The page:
Perhaps because of the generational nature of the Emperor-era system, Japanese literature has long had a fascination with endings and beginnings, and Nakajima's Naoki Prize-winning novel, "The Little House" is no exception.

The Little House, by Kyoko Nakajima, Translated by Ginny Tapley Takemori.
336 pages


Set between 1930 and 1945, with periodic jumps to the present, the tale unfolds through the memoir of Taki, maid to the Hirai family in suburban Tokyo. As a teenage girl, she is sent into service with Tokiko, a young bride not much older than Taki. They develop a strong bond, a friendship that becomes the most important relationship of Taki's life.

This is a brilliantly deceptive novel, whip-smart in its subtlety. Like Kazuo Ishiguro's butler in "The Remains of the Day," Taki's narrative is tainted by loyalty and love, and it takes a final chapter from a new perspective to tell the full story. There are secrets hiding secrets, things hinted and much left unsaid.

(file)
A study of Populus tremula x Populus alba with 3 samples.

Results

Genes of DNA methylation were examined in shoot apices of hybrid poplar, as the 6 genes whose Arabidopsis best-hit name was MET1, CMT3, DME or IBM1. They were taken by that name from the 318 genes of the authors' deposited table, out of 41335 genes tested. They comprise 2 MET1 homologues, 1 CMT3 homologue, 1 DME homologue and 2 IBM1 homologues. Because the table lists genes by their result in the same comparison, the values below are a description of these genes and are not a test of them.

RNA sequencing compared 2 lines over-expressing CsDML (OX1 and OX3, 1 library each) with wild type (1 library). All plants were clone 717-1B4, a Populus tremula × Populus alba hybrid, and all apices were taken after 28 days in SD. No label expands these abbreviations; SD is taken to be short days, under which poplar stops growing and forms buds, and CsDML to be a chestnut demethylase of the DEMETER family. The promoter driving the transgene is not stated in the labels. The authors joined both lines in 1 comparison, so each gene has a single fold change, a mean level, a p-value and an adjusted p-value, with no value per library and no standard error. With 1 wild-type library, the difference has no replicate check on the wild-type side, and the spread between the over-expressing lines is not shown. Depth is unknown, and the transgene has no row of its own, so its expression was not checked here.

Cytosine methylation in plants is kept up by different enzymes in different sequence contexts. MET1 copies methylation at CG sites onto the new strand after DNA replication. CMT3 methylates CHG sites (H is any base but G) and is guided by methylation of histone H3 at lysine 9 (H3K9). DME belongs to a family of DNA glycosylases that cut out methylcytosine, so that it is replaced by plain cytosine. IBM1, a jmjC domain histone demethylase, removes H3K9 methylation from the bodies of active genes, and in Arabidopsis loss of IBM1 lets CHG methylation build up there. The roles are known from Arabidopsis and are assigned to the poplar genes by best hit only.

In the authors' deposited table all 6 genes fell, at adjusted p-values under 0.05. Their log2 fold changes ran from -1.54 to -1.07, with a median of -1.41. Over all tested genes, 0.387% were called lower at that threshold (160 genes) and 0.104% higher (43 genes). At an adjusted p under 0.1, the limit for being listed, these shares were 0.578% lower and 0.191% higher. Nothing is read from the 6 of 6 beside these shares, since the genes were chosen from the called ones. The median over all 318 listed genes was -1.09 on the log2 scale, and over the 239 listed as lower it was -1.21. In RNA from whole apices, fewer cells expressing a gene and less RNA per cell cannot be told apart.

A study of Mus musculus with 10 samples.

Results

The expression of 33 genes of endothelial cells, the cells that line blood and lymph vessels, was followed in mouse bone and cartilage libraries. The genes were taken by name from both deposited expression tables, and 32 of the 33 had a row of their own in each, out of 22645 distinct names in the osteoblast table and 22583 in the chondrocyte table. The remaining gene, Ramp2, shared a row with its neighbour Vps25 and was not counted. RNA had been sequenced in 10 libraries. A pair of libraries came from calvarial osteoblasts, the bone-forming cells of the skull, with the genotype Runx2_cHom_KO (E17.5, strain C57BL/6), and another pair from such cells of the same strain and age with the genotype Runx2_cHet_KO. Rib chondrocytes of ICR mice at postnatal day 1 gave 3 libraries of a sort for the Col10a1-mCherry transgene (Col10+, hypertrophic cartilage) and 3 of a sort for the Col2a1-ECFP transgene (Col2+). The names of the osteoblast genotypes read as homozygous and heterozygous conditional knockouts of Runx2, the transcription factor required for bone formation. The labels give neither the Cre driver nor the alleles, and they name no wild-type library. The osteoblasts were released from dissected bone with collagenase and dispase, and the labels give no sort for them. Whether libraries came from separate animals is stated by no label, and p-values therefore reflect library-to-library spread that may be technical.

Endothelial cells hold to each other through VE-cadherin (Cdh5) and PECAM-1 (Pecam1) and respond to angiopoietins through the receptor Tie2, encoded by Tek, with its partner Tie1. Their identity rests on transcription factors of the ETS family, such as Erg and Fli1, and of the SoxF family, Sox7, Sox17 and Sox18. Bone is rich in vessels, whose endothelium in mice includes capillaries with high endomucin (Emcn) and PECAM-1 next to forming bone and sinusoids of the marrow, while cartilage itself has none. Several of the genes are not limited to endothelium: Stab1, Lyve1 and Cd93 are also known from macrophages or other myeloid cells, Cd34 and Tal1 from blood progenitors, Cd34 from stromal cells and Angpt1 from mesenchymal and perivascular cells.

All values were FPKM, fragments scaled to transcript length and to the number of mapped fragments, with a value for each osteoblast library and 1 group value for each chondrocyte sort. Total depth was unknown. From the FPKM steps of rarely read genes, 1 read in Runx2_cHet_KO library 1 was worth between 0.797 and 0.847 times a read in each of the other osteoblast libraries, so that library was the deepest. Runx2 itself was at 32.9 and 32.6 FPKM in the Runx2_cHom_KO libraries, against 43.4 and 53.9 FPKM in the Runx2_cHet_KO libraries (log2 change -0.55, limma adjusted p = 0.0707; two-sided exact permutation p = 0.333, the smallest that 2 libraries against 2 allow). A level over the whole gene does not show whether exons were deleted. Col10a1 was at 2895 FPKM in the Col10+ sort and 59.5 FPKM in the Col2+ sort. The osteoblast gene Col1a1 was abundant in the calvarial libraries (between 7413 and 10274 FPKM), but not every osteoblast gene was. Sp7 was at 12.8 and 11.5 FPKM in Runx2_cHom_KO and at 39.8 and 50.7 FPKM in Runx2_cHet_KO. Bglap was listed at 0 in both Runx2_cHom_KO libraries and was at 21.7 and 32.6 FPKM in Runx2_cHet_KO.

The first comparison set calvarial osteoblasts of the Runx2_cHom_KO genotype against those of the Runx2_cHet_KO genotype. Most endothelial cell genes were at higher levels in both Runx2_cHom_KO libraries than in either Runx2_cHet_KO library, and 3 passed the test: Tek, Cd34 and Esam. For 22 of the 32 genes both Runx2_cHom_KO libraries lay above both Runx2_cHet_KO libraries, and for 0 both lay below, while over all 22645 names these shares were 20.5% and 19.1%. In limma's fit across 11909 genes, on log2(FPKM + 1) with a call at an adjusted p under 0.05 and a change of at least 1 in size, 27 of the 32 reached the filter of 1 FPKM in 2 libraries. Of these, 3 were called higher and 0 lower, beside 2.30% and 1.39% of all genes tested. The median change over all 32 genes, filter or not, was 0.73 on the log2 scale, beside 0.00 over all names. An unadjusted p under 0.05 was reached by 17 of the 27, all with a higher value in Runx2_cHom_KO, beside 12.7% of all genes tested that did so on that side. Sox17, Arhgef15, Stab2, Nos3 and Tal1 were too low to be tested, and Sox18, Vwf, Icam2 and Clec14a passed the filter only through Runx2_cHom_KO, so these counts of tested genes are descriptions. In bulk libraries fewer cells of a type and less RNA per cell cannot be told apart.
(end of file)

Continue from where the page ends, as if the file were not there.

Nakajima plays with the reader, and with the form, using Taki's story to poke fun at the tendency of some historical novelists to color the past with the concerns of the present, via Taki's nephew's running commentary on her draft memoir, he appears incredulous that Taki dwells so little on the major political events of the time and instead concentrates on the family's daily life.

Of course, it is these insights into the home front that are most enlightening. "The Little House" is the story of how generations in Japan talk — or don't talk — to each other, and this inability to connect across eras is the true tragedy of the novel and, perhaps, the nation.